When Joshua Greenwald, a broker associate and sales manager at Greenwald Realty Associates, listed a Keene house on the market Sept. 12, he had 10 showings for the property the same day. He had six showings the following day.
Greenwald said the property received six offers from interested buyers as of that evening, including three above the initial asking price.
New Hampshire real estate experts say an historically low number of available homes, combined with increasing demand in recent months, has created what Greenwald called a “feeding frenzy” among potential buyers.
“There’s just not enough supply to satisfy the demand,” Greenwald said.
Data collected by the N.H. Association of Realtors, a Concord nonprofit group that advises and advocates for real estate professionals, suggests the COVID-19 pandemic may be sharpening that dynamic.
There were 2,012 single-family residences sold across the state in July, according to NHAR. Those transactions represented a 6.4 percent increase from the number of closed sales in July 2019, the data show — the first such positive trend after five consecutive months of decline, compared to the same months last year.
NHAR Communications Director Dave Cummings said “uncertainty” among would-be buyers following the COVID-19 outbreak this spring contributed to the slowdown. He added, however, that the declining volume of sales was also influenced by factors that predate the pandemic.
“There was a little bit of paralysis [among potential buyers] for a couple months, but it wasn’t dramatic enough to impact the direction of the leverage, [which] belonged to the sellers,” he said.
Cummings attributed the favorable selling conditions to a significant reduction in the number of homes available for purchase, a pattern he said emerged before this spring. Indeed, 2,383 single-family homes were for sale last month — a 57.9 decline from August 2019 — according to NHAR.
That figure has declined for four straight months, even though the number of homes for sale each year has typically peaked in the late summer, the data show. It has also continued to fall even as Cummings said the recent volume of sales suggests demand for single-family homes is rebounding, particularly among urbanites.
“You have workers in and around the cities that are starting to realize they’re not necessarily tethered to their desks … and they don’t necessarily want to be in the city,” he said. “The whole market is definitely being shaped, in some way, by these outside buyers.”
Cummings explained that historically low supply and increasing demand have created a seller’s market that is “as dramatic as I’ve seen.”
In Cheshire County, where NHAR data show single-family home sales dipped from 116 in August 2019 to 104 last month, several indicators suggest the real estate market heavily favors sellers.
Among closed sales in August, the median sales price, $273,500, increased 28.1 percent from the same month last year. In addition, those homes were on the market for an average of two weeks less than they were in August 2019.
Greenwald said the novel coronavirus has exacerbated the favorable conditions for sellers in the Monadnock Region after causing a “temporary hibernation” of the real estate market in February and March.
He explained that would-be sellers have appeared hesitant to disrupt their lives with a housing change, despite the possibility of windfall revenue. At the same time, he said, an influx of buyers eager to settle down has increased competition for available homes.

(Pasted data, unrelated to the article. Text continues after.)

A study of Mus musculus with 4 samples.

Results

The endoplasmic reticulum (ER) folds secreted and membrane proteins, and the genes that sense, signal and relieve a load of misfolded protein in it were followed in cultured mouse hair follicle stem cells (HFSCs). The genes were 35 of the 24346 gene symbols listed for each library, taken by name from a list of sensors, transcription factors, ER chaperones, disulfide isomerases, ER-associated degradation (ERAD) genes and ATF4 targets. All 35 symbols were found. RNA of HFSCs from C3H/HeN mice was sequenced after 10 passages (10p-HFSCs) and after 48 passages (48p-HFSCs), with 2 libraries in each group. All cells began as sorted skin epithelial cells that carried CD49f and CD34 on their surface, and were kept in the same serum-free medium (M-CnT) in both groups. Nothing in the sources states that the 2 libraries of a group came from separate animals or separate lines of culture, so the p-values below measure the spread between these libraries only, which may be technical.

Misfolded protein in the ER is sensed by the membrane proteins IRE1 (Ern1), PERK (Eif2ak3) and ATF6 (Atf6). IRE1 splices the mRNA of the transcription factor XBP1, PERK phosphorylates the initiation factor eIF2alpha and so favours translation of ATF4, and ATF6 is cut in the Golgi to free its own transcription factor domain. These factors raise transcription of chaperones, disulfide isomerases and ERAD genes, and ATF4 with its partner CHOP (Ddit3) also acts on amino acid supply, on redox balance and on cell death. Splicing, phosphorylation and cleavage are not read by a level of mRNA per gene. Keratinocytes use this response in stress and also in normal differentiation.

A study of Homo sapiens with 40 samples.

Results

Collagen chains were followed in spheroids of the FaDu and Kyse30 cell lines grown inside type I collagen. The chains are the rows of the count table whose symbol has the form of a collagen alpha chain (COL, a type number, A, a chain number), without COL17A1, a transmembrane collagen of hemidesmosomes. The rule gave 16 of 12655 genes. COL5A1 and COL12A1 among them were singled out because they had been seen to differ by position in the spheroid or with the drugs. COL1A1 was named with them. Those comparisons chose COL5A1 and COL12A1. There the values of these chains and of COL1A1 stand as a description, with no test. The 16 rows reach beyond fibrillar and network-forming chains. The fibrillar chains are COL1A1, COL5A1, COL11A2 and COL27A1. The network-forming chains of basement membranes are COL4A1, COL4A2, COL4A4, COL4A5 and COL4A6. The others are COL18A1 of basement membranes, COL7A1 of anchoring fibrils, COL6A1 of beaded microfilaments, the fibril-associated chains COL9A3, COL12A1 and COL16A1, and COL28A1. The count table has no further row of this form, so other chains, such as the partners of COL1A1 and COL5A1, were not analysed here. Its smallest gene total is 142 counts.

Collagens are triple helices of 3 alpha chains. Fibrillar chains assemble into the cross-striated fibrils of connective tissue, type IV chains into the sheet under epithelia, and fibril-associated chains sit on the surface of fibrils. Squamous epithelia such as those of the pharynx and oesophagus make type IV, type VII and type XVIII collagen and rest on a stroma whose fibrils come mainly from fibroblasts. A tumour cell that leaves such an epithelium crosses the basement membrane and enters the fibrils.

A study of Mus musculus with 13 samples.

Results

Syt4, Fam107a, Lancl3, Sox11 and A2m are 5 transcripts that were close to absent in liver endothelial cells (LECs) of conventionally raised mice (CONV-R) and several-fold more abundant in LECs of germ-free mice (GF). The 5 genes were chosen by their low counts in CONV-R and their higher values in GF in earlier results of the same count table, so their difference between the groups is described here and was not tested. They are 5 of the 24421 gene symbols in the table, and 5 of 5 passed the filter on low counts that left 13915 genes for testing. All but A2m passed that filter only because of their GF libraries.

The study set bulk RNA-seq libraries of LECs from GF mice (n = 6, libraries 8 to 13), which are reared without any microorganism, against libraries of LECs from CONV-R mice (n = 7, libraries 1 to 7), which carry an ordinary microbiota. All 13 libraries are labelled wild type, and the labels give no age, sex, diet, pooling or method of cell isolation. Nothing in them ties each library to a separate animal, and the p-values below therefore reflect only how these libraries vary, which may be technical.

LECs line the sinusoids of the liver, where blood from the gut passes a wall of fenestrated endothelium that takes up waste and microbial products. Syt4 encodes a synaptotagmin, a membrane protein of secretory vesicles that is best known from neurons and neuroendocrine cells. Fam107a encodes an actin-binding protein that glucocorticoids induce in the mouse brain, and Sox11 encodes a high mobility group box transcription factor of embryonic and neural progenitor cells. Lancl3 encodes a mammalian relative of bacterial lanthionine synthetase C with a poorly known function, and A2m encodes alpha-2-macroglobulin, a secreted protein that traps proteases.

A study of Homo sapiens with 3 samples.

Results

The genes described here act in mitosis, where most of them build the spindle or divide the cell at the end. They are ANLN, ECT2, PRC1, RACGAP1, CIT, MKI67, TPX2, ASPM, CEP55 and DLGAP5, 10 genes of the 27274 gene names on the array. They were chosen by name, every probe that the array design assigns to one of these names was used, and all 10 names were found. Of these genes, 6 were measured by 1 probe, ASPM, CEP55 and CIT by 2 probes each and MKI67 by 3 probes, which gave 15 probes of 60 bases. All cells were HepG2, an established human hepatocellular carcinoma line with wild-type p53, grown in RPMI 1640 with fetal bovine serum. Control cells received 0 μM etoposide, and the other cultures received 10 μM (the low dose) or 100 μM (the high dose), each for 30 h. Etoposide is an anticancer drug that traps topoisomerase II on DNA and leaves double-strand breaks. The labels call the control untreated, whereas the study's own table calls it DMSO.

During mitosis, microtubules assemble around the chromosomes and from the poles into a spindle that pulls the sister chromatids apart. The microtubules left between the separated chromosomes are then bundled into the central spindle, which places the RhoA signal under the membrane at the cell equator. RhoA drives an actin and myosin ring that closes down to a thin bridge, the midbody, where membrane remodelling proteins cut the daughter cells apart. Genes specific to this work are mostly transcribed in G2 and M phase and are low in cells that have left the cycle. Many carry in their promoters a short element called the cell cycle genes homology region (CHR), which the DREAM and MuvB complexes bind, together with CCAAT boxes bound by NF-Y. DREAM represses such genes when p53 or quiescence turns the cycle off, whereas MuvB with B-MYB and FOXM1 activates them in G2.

“We have plenty of things to worry about, as it is, so the last thing they want to be thinking about is where they are going to live,” Greenwald said. “When they see something that they want, they are being decisive.”
Gov. Chris Sununu’s emergency order temporarily prohibiting real estate open houses expired this summer, although Greenwald said participants must still wear masks and adhere to social distancing guidelines. He noted, however, that he has not conducted any open houses since then because his properties are already drawing enough interest.
Much of that demand is being driven by people interested in leaving cities for the Monadnock Region, where the pandemic has not caused as much upheaval, he said.
Greenwald said it is difficult to predict whether the lack of available single-family homes, which he and Cummings believe is largely responsible for the seller’s market, will endure. He added that it partially depends on COVID-related factors.
“There’s a big question mark looming over this entire thing because we have no end date [for the pandemic],” he said.
Despite similarly high activity among potential buyers, Greenwald said the current real estate market differs from the one that preceded the Great Recession.
The housing bubble built in those years was a product of speculation that property values would continue to rise, leading people to purchase them with loans, he said. But competition for relatively few available properties is driving the hot market today, he said, with some buyers paying fully in cash to increase the attractiveness of their offer.
Greenwald said the real estate market may return to an equilibrium in the winter, when demand typically wanes. In the meantime, he worries that would-be buyers may become discouraged by the robust competition for available properties and abandon their search.
Returning to that equilibrium may simply require more homes on the market, according to Cummings.
“The big question is when does the comfort of sellers begin to come back to the point that inventory keeps up with demand,” he said. “We don’t have the answer to that question.”